During his speech at the U.N. General Assembly on Sunday, PM Davutoğlu said the U.N.'s goals to combat poverty, inequality and climate change cannot be realized without peace and security. He singled out Syria as an example of a humanitarian tragedy caused by a lack of security and stability in the Middle East, resulting in Europe's largest refugee crisis since World War II
The United Nations global goals to combat poverty, inequality and climate change cannot be realized without peace and security, Turkish Prime Minister Ahmet Davutoğlu said on Sunday. Addressing the U.N. General Assembly on the final day of a development summit, Davutoğlu said: "Crucially, the 2030 agenda recognizes what we have been witnessing for years - that sustainable development cannot be realized without peace and security and that peace and security will be at risk without sustainable development."
On Friday the U.N. adopted an ambitious set of development goals to end poverty, fight social inequality and fix climate change by 2030. Davutoğlu singled out Syria as an example of a humanitarian tragedy caused by a lack of security and stability in the Middle East, resulting in Europe's largest refugee crisis since World War II.
The civil war in Syria has claimed more than 250,000 lives since 2011 and created a security vacuum that has paved the way for extremist groups such as ISIS to gain a foothold in the region. The U.N. refugee agency says 95 percent of the last million Syrian refugees have gone to Turkey, which now hosts more refugees than any other country in the world. Davutoğlu said Turkey had spent almost $8 million on the refugees it hosts while receiving very little contribution from the international community.
"We cannot reach our sustainable development goals without first addressing complex humanitarian emergencies," he said. "That is why a stronger emphasis on humanitarian development is strongly needed," the prime minister added.
"That is why Turkish humanitarian diplomacy combines humanitarian and development assistance programs within a collective strategy, particularly towards countries in sub-Saharan Africa."
Turkey is to hold the World Humanitarian Summit in May next year that will seek to find new ways to tackle the world's humanitarian needs.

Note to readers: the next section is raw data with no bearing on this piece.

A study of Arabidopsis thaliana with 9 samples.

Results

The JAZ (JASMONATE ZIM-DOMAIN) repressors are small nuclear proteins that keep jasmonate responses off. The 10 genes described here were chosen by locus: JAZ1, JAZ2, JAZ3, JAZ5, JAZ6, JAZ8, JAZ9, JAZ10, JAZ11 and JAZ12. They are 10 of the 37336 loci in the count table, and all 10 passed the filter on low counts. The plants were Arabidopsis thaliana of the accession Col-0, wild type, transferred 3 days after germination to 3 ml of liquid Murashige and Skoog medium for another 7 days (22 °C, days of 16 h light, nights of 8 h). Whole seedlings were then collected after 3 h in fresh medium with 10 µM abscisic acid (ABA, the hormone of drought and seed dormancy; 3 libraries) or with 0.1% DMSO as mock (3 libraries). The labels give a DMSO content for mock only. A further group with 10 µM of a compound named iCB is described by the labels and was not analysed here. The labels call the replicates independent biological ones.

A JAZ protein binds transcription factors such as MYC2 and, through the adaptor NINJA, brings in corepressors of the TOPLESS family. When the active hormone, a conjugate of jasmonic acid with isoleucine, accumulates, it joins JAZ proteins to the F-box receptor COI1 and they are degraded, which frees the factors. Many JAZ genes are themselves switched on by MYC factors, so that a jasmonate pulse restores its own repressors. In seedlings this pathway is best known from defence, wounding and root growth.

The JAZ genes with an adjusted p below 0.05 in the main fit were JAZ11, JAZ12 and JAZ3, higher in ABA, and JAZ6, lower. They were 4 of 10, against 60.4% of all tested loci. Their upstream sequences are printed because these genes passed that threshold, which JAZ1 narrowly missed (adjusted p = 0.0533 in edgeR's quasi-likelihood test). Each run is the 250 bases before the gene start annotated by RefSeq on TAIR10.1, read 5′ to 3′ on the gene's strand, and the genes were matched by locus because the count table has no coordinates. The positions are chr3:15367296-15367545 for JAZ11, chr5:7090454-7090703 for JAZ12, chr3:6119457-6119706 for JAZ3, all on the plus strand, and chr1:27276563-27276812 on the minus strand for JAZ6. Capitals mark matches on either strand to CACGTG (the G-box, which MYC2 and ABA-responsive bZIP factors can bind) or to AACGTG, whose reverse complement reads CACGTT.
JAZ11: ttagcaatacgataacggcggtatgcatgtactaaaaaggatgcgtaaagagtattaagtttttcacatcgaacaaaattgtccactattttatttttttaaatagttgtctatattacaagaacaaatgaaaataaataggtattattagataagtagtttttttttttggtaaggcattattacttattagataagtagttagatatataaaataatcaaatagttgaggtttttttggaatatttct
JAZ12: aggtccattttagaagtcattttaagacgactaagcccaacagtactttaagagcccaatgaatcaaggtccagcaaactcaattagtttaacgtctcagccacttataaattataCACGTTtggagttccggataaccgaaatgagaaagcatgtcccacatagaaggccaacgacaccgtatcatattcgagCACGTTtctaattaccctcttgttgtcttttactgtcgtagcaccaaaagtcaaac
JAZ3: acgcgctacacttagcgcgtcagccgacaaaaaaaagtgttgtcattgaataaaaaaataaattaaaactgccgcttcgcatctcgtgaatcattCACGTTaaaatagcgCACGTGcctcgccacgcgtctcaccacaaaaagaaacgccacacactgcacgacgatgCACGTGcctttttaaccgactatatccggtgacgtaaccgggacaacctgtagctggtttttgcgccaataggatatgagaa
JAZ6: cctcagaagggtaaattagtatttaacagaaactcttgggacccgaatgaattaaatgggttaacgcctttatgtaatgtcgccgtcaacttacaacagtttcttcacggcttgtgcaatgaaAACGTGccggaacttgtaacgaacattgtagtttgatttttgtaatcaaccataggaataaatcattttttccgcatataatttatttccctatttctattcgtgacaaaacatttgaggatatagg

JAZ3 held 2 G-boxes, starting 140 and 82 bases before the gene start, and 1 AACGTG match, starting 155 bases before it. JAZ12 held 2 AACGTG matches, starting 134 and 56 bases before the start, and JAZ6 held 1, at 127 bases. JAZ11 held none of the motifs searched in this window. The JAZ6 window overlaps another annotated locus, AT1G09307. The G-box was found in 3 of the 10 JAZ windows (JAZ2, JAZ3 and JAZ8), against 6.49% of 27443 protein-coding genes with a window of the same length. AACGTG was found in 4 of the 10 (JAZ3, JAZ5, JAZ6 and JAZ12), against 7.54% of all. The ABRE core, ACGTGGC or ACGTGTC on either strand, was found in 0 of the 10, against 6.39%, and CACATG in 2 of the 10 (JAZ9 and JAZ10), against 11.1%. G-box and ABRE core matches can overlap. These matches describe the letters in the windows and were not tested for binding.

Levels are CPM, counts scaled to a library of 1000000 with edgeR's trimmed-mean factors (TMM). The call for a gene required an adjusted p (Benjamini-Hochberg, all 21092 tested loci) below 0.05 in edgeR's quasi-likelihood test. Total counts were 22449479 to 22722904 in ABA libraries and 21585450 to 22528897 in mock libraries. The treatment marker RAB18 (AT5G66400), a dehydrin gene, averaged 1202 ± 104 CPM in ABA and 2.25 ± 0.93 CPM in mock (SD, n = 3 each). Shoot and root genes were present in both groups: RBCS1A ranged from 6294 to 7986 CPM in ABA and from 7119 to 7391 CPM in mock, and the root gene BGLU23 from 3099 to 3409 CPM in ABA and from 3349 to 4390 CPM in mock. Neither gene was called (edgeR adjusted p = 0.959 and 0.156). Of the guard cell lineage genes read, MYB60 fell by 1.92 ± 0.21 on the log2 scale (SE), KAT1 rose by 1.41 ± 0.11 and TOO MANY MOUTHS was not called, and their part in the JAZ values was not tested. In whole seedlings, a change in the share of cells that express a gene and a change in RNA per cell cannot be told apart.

Davutoğlu said the U.N. needed to engineer a "paradigm shift" to unlock the resources needed to fund sustainable development goals.
Also on Sunday, Davutoğlu met with representatives of the Turkish community in the U.S., where he said that a "war of perceptions" is being carried out on Turkey through false information and propaganda disseminated by international actors. "There are terrorist acts against Turkey at home, but there is also another form of terrorism against it from abroad, which is terrorism via perception operations," he said.
"This perception terrorism is as dangerous as armed terrorism inside and it is taking on the future of Turkey," Davutoglu said.
Davutoglu singled out false allegations laid against the Turkish government because of the country's stance on the Palestinian and Syrian conflicts as examples of the "war of perceptions" – manipulation of how Turkey is viewed at home and globally – being waged on Ankara.
Urging Turkish citizens in the U.S. to defend their country of origin against such operations, he said "Another request of ours from you is that you open your hearts to all people whose hearts beat with Turkey and not to become introverted. There is now a Somali Diaspora that defends Turkey in every occasion," adding that Turkey has defended the causes of oppressed peoples such as Somalis, Palestinians, Syrians, Egyptians, Bosnians, Albanians and Crimean Tatars on every international platform.
Davutoğlu, Iranian President discuss bilateral relations, Syrian crisis
Prime Minister Ahmet Davutoğlu met with Iranian President Hassan Rouhani in New York on Sunday to discuss bilateral relations as well as the regional conflicts in Syria, Yemen and Iraq. The closed-door meeting at U.N. headquarters was held on the sidelines of the 70th U.N. General Assembly. The leaders agreed to deepen economic ties and continue dialogue on regional conflicts in Syria, Yemen and Iraq, despite disagreements on a range of issues, according to Prime Ministry sources.
Turkey and Iran have been pursuing different policies about the regional crisis: Iran strongly backs Syrian President Assad while Turkey has called on him to step down and has condemned his crackdown on opposition groups.
The two countries also differ on the situation in Iraq and the crisis in Yemen. Ankara has voiced its concerns over the presence of Iranian commanders in Iraq leading Iraqi security forces as well as Iranian-backed Houthi Shiite militias, which have frequently been accused by the U.S., rights groups and Sunni groups of targeting innocent Sunnis.
During the meeting, Davutoğlu voiced concerns to Rouhani about false news reports published in Iranian media about Turkey, sources said. The meeting was also attended by Deputy Prime Minister Cevdet Yılmaz, Foreign Minister Feridun Sinirlioğlu and National Intelligence Organization (MİT) Chief Hakan Fidan. Following the meeting, Davutoğlu joined an informal working lunch of world leaders on the upcoming climate change conference that will be held in Paris in December.